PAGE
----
June 23, 2024


Than a Food Fitter

Parmesan Braised Leeks – What’s Gaby Cooking

3 min read


I am 100% obsessed with these Parmesan Braised Leeks and I cannot be stopped!

Braised Leeks from www.whatsgabycooking.com (@whatsgabycookin)

Here’s the thing about leeks – they are absolute perfection when done properly. Similar to that of Brussels and/or Asparagus, they don’t take much effort and they are best when done simply with a little zip and some crisp. I was talking to one of my girlfriends a few months ago who has a baby a few months older than Poppy – and she shared that her son was going to TOWN on Braised Leeks. Obviously, I marched straight to the store and bought some for us to try and home. You guys… these are legit candy. The leeks are so soft but have a little texture to them from the broiler. The parmesan gives them a nice salty finish. They don’t need lemon juice to taste, but you’re more than welcome to add it! They are quite possibly, the best spring side dish I’ve made in recent years. And that’s really saying something because we know I love my Parm Panko Asparagus!

A quick note on buying leeks – look for long leeks that aren’t dark green. The dark green part of the leeks is trimmed and discarded, so it’s not ideal. You want them to be as light green as possible as those leaves are more tender and delicious.

Need a few more Spring Side Dishes:

Braised Leeks


While these braised leeks are truly the most perfect spring side dish, I also need you to know they are currently Poppys fav vegetable and she’s eating them like candy! A win for everyone involved!

Prep Time 20 mins

Cook Time 35 mins

Total Time 55 mins

Course Side Dish

Cuisine French

  • 6 medium leeks
  • 2 tablespoons olive oil extra virgin
  • Kosher salt and freshly cracked black pepper
  • 1/2 cup dry white wine (like sauvignon blanc or chenin blanc)
  • 1/2 cup freshly grated Parmesan
  • Prep the leeks by cutting the root ends about 1/3 inch and removing all of the dark green leafy park of the leeks on top. Then cut in half lengthwise. Keeping the leeks in tact, transfer them to a bowl and them thoughougly rinse them to remove all dirt. Once clean, give a final rinse and remove to a clean towel to dry off.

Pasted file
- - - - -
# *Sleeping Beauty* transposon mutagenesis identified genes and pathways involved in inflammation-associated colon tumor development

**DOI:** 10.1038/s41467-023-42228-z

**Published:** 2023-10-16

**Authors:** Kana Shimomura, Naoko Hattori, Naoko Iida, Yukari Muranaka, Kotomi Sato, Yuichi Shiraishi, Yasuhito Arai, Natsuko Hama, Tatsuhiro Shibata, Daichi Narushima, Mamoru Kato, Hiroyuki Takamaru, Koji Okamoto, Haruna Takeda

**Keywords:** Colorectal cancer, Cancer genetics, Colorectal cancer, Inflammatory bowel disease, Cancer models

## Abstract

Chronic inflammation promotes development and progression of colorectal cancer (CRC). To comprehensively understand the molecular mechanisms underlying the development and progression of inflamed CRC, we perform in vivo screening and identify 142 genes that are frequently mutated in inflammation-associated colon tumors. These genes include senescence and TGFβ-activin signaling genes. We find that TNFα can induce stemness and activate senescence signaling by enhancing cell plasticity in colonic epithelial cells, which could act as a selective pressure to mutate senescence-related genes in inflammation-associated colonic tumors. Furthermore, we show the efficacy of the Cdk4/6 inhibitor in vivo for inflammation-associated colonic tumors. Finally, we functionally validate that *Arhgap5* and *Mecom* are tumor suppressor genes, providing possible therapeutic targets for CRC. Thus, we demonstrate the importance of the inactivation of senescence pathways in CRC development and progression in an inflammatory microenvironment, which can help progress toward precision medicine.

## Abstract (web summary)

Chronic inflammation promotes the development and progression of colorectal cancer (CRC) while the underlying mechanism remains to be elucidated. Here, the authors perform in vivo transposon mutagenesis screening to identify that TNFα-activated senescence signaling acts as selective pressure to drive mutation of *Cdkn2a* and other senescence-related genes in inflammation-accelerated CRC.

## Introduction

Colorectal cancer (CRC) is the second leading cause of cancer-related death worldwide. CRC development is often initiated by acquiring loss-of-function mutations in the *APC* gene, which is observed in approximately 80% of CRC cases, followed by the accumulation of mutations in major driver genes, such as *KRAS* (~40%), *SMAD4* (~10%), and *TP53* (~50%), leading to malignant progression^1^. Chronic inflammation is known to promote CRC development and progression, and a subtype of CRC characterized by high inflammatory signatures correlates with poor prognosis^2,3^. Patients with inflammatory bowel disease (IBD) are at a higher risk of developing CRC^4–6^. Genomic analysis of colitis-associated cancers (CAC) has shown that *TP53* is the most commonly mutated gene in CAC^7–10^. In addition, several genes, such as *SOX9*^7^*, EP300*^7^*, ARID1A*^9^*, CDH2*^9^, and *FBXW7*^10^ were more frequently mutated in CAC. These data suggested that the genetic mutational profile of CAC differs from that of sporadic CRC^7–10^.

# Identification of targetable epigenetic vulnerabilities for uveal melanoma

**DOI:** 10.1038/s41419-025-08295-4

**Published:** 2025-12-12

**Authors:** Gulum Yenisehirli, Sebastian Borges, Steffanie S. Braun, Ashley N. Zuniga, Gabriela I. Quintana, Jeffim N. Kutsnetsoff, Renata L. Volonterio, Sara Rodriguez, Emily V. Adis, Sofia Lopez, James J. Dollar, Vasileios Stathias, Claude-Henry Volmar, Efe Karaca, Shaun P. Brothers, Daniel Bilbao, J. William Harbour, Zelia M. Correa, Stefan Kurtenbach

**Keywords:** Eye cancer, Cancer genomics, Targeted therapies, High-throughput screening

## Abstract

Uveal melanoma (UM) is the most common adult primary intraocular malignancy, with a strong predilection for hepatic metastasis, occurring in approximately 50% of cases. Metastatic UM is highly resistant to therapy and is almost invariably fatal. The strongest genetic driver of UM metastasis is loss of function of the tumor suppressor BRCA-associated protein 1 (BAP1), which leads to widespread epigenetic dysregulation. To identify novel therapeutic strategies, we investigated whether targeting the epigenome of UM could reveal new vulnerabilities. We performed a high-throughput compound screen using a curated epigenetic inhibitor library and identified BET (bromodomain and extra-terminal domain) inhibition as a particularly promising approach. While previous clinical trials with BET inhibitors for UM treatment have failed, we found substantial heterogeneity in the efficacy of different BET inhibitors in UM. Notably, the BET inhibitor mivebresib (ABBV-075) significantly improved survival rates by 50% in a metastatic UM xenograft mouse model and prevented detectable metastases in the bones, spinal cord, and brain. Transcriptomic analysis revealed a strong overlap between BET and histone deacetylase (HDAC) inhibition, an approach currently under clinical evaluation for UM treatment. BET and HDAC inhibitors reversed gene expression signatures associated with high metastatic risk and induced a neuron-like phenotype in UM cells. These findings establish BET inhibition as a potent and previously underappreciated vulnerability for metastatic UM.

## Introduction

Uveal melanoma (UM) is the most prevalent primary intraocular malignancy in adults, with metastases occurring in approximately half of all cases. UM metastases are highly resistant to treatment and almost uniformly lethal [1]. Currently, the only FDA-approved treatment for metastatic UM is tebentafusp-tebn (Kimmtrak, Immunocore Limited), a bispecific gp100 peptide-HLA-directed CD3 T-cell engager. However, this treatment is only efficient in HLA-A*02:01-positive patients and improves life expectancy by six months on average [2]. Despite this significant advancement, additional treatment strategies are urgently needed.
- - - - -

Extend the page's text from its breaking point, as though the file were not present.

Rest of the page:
• In a wide, heavy bottom skillet or braiser, heat the olive oil over medium heat. Place the leeks in the pan into an even layer, cut side down, and cook until they are lightly browned, 3 to 4 minutes. Use a pair of tongs to move them every few minutes to ensure they don’t stick. Using the tongs, turn the leeks over and cook on the other side until they are lightly browned, 3 to 4 minutes more. Season with salt and pepper. Flip the leeks back over so that the cut side is down and pour in the wine. Scrape up any brown bits on the bottom of the pan, then add enough water or stock to just cover the top of the leeks. Bring to a boil, reduce the heat and simmer uncovered for 20 to 25 minutes, until the leeks are fork tender. Most of the liquid should evaporate at this point

  • Preheat the broiler. Using tongs, turn the leeks so that the flat side is up. If there is still a lot of liquid in the pan, carefully pour it off. Sprinkle the Parmesan over the leeks. Place the skillet/braiser into the broiler for 2-3 minutes until the cheese has melted and is beginning to turn golden brown. Remove from the heat and serve. Adjust salt and pepper to taste. Garnish with lemon juice if desired.

When you’re buying leeks, look for medium sized leeks that are HUGE. If the outer layers are super tough, you can discard them while cleaning to ensure that the leeks are super soft when serving.